Join Date
    Sep 2005
    Location
    ozarks
    Posts
    41

    Default comb collapse disorder

    Went to look at my hive today to see if the third super was full yet. it is drawn and filled and capped , finally in my third year, I have enough honey to eat some myself.... sweet!,, literally
    when I pulled a frame of capped honey (This one was cut comb foundation), there must have been some burr comb attachment to the frame next. it sort of collapsed and mangled about half the comb of wireless foundation. I put it back in ,added a fourth super and closed it up.
    my Question is will the bees straighten out the mess where the comb was pulled apart ? or should I have removed and replaced this frame?
    andy

  2. #2
    Join Date
    Mar 2005
    Location
    Troupsburg, NY
    Posts
    4,072

    Default

    They'll repair it, just might not be the way you would like them too.
    "I reject your reality, and substitute my own." Adam Savage

  3. #3
    Join Date
    Jun 2005
    Location
    Greensboro, N.C.
    Posts
    5,080

    Default

    They will repair it, using the adjoining frames for support. You need to get it out asap. Pull it and the one next to it together and replace them with two empties. Separate the empties with a drawn frame so they will not build one wide and one narrow.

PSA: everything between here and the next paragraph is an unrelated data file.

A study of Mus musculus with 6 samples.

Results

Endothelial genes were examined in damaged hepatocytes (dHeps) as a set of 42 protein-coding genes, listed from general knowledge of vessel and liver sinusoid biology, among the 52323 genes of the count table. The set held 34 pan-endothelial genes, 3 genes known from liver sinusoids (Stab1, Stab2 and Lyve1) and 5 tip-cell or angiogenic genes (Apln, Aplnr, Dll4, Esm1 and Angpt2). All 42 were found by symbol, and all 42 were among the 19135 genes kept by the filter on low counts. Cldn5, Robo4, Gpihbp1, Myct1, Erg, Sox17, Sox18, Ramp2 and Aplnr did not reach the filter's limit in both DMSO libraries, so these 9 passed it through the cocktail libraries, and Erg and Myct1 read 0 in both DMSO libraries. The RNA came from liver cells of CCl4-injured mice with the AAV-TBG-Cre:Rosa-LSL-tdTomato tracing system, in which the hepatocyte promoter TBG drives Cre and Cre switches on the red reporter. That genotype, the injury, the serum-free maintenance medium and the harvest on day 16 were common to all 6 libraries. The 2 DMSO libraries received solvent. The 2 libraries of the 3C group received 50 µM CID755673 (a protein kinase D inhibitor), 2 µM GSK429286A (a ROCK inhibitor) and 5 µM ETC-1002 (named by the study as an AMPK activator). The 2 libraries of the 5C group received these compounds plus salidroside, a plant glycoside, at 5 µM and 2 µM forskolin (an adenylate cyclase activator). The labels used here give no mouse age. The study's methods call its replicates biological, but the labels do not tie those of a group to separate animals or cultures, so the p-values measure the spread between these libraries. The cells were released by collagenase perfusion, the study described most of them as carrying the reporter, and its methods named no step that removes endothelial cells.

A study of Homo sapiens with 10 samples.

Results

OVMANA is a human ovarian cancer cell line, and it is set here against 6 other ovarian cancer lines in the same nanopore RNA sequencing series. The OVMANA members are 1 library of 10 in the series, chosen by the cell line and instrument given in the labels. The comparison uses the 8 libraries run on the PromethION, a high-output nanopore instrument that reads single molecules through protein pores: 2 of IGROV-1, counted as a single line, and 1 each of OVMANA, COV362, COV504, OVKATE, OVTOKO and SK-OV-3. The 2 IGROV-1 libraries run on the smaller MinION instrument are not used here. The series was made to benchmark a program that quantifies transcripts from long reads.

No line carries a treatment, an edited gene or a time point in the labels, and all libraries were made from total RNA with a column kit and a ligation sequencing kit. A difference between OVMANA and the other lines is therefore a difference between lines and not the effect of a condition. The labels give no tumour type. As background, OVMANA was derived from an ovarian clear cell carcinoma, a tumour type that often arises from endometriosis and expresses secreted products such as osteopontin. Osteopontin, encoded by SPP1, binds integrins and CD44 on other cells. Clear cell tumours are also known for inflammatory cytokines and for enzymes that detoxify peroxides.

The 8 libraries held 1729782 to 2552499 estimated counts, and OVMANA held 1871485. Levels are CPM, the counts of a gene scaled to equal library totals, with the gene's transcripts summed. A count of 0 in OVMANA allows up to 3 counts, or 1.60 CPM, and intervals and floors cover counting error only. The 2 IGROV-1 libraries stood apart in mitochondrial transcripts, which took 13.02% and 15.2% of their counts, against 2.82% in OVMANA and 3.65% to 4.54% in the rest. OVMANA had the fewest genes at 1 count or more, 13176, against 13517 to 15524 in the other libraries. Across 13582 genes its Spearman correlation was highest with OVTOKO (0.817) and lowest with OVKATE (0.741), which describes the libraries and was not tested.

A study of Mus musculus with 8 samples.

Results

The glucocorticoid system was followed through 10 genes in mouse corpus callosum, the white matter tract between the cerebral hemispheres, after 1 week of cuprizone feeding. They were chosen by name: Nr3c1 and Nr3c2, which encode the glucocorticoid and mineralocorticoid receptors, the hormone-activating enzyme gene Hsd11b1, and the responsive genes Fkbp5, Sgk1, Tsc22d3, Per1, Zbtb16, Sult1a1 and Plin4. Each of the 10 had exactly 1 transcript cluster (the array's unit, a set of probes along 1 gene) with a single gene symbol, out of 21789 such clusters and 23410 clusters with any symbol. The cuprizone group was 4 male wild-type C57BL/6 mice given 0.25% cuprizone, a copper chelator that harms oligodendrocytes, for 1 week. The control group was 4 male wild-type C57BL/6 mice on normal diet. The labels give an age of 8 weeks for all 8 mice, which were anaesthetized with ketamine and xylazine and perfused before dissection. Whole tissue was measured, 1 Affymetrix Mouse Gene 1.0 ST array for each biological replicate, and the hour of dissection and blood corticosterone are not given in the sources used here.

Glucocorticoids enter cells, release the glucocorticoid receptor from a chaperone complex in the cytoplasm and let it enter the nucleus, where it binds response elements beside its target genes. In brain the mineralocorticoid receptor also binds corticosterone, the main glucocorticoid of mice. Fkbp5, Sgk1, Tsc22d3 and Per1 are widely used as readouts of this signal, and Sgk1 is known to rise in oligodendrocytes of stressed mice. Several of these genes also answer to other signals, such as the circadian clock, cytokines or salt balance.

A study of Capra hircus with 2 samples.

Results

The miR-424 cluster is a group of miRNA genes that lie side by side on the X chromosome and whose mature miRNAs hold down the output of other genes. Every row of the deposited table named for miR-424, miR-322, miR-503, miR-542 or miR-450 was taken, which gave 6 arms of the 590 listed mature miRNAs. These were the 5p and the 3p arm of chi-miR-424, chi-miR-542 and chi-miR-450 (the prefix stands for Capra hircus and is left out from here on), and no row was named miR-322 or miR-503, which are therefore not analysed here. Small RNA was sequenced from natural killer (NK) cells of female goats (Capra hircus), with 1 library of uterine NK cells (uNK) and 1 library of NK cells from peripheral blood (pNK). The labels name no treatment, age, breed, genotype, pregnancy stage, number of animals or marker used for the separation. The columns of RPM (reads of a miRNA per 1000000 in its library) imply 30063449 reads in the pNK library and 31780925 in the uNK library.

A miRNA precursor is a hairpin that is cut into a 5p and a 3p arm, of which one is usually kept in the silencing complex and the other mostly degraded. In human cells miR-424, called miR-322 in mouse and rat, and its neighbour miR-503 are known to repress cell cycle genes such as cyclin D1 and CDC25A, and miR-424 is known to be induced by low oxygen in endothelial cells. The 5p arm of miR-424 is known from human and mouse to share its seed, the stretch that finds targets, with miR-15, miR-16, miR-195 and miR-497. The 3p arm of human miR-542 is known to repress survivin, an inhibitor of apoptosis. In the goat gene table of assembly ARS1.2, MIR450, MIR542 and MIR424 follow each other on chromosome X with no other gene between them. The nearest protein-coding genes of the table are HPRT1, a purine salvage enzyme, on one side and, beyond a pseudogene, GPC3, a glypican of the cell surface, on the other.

If the super is fully capped, just harvest the whole super.

  4. #4
    Join Date
    Aug 2002
    Location
    Nehawka, Nebraska USA
    Posts
    46,739

    Default

    I'd harvest it. You can crush and strain if it's too mangled to do comb honey.
    Michael Bush bushfarms.com/bees.htm "Everything works if you let it." ThePracticalBeekeeper.com 40y 200h 37yTF

  5. #5
    Join Date
    Apr 2006
    Location
    Pepperell, MA.
    Posts
    3,779

    Default

    I tried that already (putting it back in). They did repair it, but it was a sight to behold. Essentially, their repair involved adding wax to the damaged frame which "bumped" a section of it way out while modifying the adjoining frame so that the new "bump" would fit. On top of that, they then decided that the repair would be good for drone brood. I ended up pulling both frames, since they were kind of locked together like Lego's, tossing the drone brood and harvesting the honey by crushing and straining. Actually got almost 4 pounds so it wasn't a total loss. Last I looked, the new foundation was almost all pulled.

    I'd get in there and yank it.
    "My wife always wanted girls. Just not thousands and thousands of them......"

  6. #6
    Join Date
    Aug 2006
    Location
    Danbury, CT
    Posts
    2,887

    Default

    When ever I fix something improperly I call it bee rigging
    Always question Conventional Wisdom.